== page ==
Practical Parenting – Bottlefeeding

May 21, 2011

Sterilising bottles is be a time consuming and inconvenient job but you can reduce the number of times you need to put the steriliser on by having more bottles. In the early days I’d suggest 6 – 8 small bottles is ideal but because you won’t need as many once your baby’s feeding pattern settles down you can save yourself a fortune by borrowing them from friends and family. You will, however have to buy new teats as these get worn out with use.

Although it’s more expensive, readymade formula in a carton is so much more convenient to use than the powdered variety. Newborns tend to feed erratically in the early days and using ready-made formula allows you to feed on demand instead of forecasting what your child is going to eat, which is really only possible when your child settles into a routine. We used it in the early days and then switched to powder when things have settled down. Ready made formula is also meant to be easier for newborns to digest than powder formula and the fact that it doesn’t need to be shaken like powder formula there are less bubbles in it to upset a newborn’s small stomach.

We’ve only every given room temperature formula to our kids, which meant that they were never fussy about having their milk warmed up. But if you’re weaning a baby from breast milk to formula you may find that warming up formula to body temperature might make the transition easier.

I’ve found it easier to wean my babies off bottles at night if they have a physical cue that helps soothe them. For instance i used to stroke my sons head when he was having his bottle at night and nap time and eventhough he’s 3 and doesn’t have bottles at night anymore he will strokes his head to soothe himself off to sleep.

Formula needs to be made fresh as required but to make life easier you can measure out the boiled water into bottles and store them in a cupboard until they’re needed later. Although the bottles and water would have been sterile to begin with we always used up the water within 24 hours just to be on the safe side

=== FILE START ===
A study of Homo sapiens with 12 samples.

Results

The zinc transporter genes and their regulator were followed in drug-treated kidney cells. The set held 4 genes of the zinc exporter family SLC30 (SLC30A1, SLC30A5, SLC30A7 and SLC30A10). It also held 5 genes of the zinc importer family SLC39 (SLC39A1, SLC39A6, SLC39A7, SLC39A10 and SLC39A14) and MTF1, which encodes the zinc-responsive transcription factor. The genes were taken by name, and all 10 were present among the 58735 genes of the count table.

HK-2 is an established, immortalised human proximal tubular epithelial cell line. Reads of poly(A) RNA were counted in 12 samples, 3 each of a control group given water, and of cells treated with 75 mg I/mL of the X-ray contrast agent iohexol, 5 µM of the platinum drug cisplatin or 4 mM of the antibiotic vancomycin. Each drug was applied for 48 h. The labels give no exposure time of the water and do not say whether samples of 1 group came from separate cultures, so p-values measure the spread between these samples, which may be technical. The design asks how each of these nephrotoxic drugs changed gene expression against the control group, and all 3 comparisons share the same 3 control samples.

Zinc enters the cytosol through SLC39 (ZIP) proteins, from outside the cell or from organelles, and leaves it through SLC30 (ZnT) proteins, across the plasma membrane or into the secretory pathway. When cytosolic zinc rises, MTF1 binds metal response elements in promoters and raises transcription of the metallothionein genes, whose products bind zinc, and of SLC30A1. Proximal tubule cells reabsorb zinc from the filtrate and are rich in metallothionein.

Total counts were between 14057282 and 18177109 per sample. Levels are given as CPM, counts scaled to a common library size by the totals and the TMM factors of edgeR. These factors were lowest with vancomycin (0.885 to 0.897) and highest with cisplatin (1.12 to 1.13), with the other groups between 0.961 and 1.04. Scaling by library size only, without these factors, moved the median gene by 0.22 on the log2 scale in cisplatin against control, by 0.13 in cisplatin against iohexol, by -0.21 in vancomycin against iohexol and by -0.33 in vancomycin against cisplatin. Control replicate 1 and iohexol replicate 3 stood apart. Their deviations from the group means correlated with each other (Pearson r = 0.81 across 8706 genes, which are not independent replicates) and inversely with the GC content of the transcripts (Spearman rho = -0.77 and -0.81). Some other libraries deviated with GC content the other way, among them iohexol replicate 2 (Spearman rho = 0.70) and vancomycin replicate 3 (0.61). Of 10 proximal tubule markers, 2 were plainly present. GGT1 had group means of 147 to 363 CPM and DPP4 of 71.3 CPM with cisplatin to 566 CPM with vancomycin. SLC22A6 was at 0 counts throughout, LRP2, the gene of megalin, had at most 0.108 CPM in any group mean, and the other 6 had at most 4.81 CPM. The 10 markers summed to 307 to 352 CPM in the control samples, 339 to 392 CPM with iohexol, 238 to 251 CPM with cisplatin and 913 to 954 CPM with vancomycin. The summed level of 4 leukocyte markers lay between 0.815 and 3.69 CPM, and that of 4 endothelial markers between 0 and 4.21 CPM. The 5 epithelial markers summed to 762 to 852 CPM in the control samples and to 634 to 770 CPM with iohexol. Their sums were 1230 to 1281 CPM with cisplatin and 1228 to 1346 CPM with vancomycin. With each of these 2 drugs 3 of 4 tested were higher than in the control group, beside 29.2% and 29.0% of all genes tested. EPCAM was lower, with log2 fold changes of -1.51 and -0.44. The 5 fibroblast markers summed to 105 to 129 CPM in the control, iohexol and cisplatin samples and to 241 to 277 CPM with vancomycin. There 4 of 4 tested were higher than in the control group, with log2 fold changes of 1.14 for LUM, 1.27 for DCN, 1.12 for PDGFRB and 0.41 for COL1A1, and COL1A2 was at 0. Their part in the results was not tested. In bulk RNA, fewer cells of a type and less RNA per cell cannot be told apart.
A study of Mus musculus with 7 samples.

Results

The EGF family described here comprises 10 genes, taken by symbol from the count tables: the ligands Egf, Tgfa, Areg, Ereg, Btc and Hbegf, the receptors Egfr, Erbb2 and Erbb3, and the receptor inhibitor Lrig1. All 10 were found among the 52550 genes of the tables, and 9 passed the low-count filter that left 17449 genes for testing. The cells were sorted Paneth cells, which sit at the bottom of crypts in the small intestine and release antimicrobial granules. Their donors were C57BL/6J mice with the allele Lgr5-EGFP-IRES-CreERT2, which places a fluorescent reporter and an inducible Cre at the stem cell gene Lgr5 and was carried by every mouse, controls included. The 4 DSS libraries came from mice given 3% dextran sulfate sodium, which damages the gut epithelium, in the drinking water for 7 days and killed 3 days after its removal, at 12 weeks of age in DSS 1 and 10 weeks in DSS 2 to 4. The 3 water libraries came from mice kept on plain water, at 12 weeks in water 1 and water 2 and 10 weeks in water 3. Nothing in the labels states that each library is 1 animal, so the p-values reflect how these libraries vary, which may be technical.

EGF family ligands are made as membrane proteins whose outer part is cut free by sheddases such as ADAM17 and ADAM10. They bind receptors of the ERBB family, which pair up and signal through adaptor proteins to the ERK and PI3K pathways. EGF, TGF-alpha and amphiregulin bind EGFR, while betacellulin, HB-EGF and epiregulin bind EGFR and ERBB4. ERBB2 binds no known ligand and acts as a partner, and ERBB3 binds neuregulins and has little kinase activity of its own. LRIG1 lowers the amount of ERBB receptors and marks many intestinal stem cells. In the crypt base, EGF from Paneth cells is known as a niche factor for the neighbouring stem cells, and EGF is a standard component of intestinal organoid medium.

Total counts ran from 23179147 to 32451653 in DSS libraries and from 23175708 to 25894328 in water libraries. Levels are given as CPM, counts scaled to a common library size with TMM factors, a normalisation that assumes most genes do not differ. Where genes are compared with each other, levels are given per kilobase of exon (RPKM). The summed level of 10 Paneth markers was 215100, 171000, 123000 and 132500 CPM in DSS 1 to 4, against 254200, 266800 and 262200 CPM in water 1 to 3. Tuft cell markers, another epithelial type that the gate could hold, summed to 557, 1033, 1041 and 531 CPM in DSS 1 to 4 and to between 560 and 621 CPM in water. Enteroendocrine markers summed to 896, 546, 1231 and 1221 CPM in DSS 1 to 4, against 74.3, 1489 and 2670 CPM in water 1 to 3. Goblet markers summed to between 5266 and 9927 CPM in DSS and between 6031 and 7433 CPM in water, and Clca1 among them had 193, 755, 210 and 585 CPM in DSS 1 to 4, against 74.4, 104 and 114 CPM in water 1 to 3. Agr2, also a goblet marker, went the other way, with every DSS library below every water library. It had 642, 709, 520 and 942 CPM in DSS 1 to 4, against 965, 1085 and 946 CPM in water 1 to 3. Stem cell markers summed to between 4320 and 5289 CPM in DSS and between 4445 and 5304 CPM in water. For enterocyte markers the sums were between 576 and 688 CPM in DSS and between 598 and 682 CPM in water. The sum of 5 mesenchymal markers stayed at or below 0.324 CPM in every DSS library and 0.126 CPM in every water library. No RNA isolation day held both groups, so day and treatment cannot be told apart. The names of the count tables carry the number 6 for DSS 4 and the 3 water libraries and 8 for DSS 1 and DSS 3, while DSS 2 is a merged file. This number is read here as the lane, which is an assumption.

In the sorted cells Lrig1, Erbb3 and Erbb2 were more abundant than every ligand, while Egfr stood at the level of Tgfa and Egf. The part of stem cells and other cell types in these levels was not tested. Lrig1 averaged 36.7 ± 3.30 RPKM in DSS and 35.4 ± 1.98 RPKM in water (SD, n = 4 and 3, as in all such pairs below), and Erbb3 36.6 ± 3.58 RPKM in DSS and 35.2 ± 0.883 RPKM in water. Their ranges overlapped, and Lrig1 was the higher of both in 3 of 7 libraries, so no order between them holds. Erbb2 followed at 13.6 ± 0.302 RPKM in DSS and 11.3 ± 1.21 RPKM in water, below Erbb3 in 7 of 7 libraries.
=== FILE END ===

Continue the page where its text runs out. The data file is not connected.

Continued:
If you run out of cooled boiled water for bottles you can use Avian instead. It’s has the lowest sodium content of all of the mineral waters on the market.

Make the night feeds easier by bringing either a carton of readymade formula and a sterilised bottle upstairs with you or a bottle of boiled water and pre-measured formula powder – neither of which need any heating up. Avent do a great three-compartment storage container that works great for this or trips out.

The teat of bottles can get blocked by powdered formula, so test it before you start feeding. If you move to a thicker formula you may need a teat with a greater flow rate to avoid blockages or if you warm the formula up it becomes less viscous and flows better.

Bibs can get soaked when a baby is being bottle fed. To reduce the number of bib changes a day use a muslin cloth just under the chin to catch the spillage when bottle feeding. This also reduces the risk of a rash developing under the chin and in the neck crease.

If you find that your baby is pulling off the bottle it may be because

  • The flow from the teat is too slow and your baby is getting frustrated
  • The hole in the teat has become blocked and your baby is getting frustrated
  • Your babies front teeth are coming in and it hurts them to suck.
  • Your baby is getting tired of bottles and wants to move onto solids.